91% of Musicians Face a ‘Cost of Working’ Crisis, Study Finds

Musicians Face Cost of Living Crisis
  • Save

Musicians Face Cost of Living Crisis
  • Save
Photo Credit: Markus Clemens

91% of musicians in the UK are facing a ‘cost of working’ crisis as the ongoing financial impact of the pandemic and Brexit continues.

More than half of respondents said they were ‘very’ or ‘extremely’ close to leaving the music industry altogether. 35% of respondents expressed some concern about needing to leave in the near future. This data comes from a survey conducted by the charity organization Help Musicians. In 2021, respondents to the same survey only had 22% say they were considering leaving the industry.

60% of musicians said they are worse off financially in 2022 than they were compared to the same time last year. Around 78% responded that they are earning less income from music than before the pandemic hit in March 2020. For UK musicians, Brexit presents a unique challenge that continues to affect their livelihood with touring barriers and equipment, personnel, and venue shortages.

Help Musicians conducted the study amongst 500 professional musicians across the United Kingdom. The stark reality for those musicians is this:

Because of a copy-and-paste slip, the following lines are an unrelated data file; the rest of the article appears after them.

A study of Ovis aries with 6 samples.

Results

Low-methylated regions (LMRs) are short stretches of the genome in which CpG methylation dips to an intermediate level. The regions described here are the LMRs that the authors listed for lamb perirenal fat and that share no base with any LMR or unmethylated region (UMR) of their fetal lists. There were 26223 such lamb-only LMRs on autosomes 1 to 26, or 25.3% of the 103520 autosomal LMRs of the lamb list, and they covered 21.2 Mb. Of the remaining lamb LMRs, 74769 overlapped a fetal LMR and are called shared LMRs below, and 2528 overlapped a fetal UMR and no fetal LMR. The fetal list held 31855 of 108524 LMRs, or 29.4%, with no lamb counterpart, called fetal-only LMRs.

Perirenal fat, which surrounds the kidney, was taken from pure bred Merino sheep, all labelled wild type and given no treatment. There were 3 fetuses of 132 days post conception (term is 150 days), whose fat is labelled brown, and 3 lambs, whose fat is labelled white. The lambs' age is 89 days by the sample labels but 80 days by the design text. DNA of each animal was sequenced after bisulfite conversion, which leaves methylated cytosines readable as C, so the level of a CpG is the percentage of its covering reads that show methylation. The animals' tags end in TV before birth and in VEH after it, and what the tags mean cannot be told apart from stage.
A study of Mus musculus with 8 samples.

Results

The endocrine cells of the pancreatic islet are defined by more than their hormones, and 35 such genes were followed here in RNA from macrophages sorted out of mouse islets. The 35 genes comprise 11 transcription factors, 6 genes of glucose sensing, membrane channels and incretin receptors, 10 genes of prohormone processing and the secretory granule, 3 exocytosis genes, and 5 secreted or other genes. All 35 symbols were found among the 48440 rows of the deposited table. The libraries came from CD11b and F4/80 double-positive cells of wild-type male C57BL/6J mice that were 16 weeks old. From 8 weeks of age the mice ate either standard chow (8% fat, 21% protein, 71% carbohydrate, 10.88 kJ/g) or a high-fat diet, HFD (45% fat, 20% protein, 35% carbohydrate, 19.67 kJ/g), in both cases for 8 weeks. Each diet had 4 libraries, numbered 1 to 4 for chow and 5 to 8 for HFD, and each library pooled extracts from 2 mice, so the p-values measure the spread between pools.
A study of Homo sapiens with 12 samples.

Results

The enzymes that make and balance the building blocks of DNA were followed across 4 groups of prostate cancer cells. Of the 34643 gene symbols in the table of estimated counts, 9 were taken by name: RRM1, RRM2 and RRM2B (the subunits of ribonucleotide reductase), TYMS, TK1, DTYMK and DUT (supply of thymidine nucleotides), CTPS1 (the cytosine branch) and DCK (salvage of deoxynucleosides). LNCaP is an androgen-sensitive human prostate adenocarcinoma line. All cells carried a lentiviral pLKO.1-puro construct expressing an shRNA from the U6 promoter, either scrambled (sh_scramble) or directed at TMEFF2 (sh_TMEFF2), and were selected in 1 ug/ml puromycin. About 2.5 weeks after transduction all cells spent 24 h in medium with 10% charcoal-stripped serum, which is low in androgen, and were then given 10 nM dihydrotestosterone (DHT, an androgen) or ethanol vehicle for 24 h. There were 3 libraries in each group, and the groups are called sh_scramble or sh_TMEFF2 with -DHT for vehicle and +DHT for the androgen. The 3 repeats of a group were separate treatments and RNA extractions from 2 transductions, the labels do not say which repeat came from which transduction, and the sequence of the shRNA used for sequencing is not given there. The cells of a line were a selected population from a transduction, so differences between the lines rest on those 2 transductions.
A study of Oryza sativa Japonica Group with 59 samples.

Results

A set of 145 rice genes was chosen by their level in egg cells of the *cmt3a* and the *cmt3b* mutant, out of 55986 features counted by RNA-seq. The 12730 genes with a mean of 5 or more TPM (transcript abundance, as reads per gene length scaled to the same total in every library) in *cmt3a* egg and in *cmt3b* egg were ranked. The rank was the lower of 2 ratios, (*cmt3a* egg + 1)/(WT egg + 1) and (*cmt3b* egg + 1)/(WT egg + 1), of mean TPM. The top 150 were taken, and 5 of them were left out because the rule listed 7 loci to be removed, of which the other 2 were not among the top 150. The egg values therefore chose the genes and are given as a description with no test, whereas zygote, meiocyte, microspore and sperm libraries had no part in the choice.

• 98% say they are concerned about earning sufficient income
  • 97% say they can’t afford music equipment
  • 90% are worried about affording food
  • 85% say touring difficulties in the EU are issues for them
  • 84% say they worry about rent and mortgage payments
  • 80% are also worried about taking on debt
  • 68% of musicians say their mental health is worse now

“It is hard to imagine any point since the Second World War when it has been tougher to be a professional musician – put simply, the current environment is brutal,” says James Ainscough, Chief Executive of Help Musicians. “The pandemic had a catastrophic impact, with most simply unable to perform.”

“Afterwards, venues were booked up for months or years in advance due to rearranged gigs. This has been followed by Brexit, which has impacted their ability to tour, for many emerging musicians, a vital step in building a sustainable career.”